Rich & Spicy Mutton Curry Recipe
I do like chicken and lamb in a curry. Sometimes though you want a more traditional dish, cooked long and slow. Mutton is ideal for this. Mutton Curry is ideal if you’re looking for an Indian dish for a special occasion. We had this dish as part of an Indian meal.
Where To Get Mutton?
It’s not something you’re going to get from the supermarket!
Ask your local butcher or get some direct from the farm yourself.
If you’re in the Sheffield area you could pay a visit to Whirlow Hall Farm Shop. It’s where we got ours from but it is advisable to give them a bell first to make sure they have some in.
Be warned though. I only went in for Mutton and make a delivery but came out with mutton and a hefty piece of Sirloin steak! It was calling me!
If you are struggling to get mutton you can use lamb, just cut down on the cooking time. You could even use chicken thigh but again decrease the cooking time further.
What Cut Of Mutton For A Mutton Curry?
This is entirely up to you. I just asked for a little over a kilo of diced. I think it was shoulder. To be honest any cut will be good enough for a mutton curry. As it needs slow cooking any fat will render down and give a lovely rich sauce. If you want a really traditional Indian dish you could of course cook the mutton on the bone. This way you will get even more flavour in your gravy.
How Spicy Is Spicy?
Most of the spice in this recipe comes from Kashmiri chilli. This recipe isn’t blow your head off spicy. It’s quite easy to adjust the spiciness by either using more chilli powder or adding more fresh chillies. I added some whole fresh birds eye chillies towards the end of cooking to give it an extra kick.
If you like the look of this curry you may want to have a look at my recipe for Lamb Madras
Rich Spicy Mutton Curry
- 1 kg mutton diced
- 3 garlic cloves crushed
- 3 tsp chopped ginger
- 6 tsp Kashmiri chilli powder use 3tsp chilli powder and extra 3tsp sweet paprika if you can’t get hold of Kashmiri
- 6 tsp sweet paprika
- 1 tsp salt
- 1 tbsp yoghurt
- 1 onion sliced
- 2 onions pureed in a food processor
- 6 cloves garlic finely chopped or grated
- 1 inch cube piece of ginger finely chopped or grated
- 4 tbsp of oil or ghee
- 2 sticks of cinnamon or cassia bark
- 2 whole star anise
- 12 fresh curry leaves if you have them
- 1 tsp of salt
- 3 tsp tomato puree dissolved in 300ml of hot water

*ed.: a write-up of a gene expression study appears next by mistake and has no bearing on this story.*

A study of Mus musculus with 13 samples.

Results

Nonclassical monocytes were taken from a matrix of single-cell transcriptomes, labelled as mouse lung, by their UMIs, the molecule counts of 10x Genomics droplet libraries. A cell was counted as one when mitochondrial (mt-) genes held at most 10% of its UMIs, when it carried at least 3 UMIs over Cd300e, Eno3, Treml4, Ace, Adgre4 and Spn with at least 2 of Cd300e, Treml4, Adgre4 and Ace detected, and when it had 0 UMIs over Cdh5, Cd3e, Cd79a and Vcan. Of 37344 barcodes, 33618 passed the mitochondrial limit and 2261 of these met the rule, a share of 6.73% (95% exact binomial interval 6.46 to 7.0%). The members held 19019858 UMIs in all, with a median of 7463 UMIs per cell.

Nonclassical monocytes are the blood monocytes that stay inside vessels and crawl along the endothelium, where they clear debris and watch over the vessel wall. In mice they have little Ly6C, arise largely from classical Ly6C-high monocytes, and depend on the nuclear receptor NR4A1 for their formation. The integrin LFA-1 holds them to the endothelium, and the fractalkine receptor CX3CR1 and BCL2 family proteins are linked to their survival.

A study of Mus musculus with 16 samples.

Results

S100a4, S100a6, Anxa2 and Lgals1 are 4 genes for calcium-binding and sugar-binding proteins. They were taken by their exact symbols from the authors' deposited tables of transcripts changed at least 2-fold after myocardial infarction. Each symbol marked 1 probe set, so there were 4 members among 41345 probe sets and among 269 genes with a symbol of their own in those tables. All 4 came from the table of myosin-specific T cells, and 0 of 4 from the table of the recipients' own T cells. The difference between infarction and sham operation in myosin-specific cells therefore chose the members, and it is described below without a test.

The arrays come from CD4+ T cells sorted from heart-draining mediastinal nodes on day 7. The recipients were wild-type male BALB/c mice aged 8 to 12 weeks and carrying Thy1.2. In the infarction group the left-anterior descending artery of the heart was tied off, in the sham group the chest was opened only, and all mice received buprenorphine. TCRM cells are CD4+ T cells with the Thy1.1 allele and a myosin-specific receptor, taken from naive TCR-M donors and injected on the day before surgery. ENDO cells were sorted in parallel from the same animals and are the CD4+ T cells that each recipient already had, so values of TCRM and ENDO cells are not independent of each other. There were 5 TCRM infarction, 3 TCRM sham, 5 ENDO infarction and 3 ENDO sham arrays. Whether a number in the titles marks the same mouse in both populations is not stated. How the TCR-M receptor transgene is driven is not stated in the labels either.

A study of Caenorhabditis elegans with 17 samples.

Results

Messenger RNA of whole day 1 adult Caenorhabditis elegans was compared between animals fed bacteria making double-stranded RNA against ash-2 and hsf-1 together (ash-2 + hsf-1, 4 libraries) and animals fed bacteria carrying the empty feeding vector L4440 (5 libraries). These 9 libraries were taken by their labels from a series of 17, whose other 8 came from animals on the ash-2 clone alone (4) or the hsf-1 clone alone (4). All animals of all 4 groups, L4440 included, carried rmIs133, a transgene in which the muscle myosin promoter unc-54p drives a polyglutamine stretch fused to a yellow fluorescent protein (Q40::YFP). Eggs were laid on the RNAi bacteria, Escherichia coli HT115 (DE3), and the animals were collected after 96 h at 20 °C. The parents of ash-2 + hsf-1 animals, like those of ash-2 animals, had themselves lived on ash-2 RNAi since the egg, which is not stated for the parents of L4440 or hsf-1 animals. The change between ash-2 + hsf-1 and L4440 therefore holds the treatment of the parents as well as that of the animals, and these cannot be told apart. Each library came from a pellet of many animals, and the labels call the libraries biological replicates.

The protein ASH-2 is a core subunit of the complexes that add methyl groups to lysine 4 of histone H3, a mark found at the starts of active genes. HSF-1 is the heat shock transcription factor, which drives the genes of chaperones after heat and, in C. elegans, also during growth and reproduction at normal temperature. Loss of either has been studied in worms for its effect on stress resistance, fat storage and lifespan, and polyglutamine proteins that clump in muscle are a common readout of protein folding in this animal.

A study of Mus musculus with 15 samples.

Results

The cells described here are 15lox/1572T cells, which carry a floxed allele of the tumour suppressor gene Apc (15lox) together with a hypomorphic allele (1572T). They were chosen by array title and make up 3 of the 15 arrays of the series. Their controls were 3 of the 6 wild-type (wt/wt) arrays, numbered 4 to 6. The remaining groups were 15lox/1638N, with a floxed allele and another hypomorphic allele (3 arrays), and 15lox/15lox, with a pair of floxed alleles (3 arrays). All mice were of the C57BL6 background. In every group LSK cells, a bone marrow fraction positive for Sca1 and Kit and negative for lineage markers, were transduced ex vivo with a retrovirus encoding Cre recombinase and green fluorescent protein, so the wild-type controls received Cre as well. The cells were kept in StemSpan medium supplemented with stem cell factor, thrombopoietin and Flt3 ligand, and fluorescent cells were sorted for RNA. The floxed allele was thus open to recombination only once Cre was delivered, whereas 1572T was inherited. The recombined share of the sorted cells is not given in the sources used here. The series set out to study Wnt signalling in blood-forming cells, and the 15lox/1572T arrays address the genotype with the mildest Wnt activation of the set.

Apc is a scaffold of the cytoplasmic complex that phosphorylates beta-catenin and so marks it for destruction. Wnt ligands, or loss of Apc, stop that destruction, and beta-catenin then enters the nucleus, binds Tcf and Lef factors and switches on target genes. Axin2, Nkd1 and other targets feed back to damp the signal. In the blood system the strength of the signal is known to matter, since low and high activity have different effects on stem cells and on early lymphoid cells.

- 140 g cashew nuts just covered with hot water and left to soak for 20 minutes and then blended
- 1 tbsp of ‘Ome Made B.I.R Curry Masala (or other curry Masala)
- 400 g tinned tomatoes pureed in a food processor with 3 red chillies (more if you like heat, or fewer for a milder curry)
- 500 g natural plain or Greek yoghurt
- 1 tbsp of Kasoori methi or fenugreek leaf
- 2 tsp dried mint
- 2 tsp of ‘Ome Made Garam Masala or any other brand
- 1 tsp of ground all spice optional
- 1 tbsp of sugar jaggary or a dark sugar is better
- 2 limes juice of
- 1 bunch fresh coriander chopped
- Salt to taste
- Toasted almond flakes optional
- Put the mutton to marinate overnight or for at least 3 hours.
- Heat the oil in a heavy bottomed pan
- Add the sliced onion and gently fry until brown and caramelised. Once the onion is browned remove from the pan with a slotted spoon and reserve for later.
- Add the curry leaves, cinnamon and star anise to the pan (careful they may splutter)
- Add the onion puree and 1 tsp of salt. Continue to fry gently for 15 minutes
- Add the garlic and ginger and fry gently for 30 seconds
- Add the curry Masala and fry for 20 – 30 seconds
- Add the mutton and any marinade, stir and let seal
- Add the watered down tomato puree, stir and let reduce back down to a thick paste.
- Add the blended tinned tomatoes and chillies. Bring back to a simmer
- Add the yoghurt and cashew paste, stir and again bring back to the simmer.
- Turn the pan down and cover with a lid. Either cook on a very gentle heat on the hob (use a heat diffuser if you have one) or cook in the oven on a low temperature around 140°C. It wants to cook for around 2 ½ – 3 hours. If the sauce is looking to thick after an hour of cooking then you can thin it with a little water.
- After 2 ½ – 3 hours you can add all the other ingredients, including the caramelised onions from earlier (keep a few almonds and coriander leaves back to garnish if you wish). Cook for another 20 – 30 minutes on the hob, lid off, before serving with pilau rice & Indian style breads.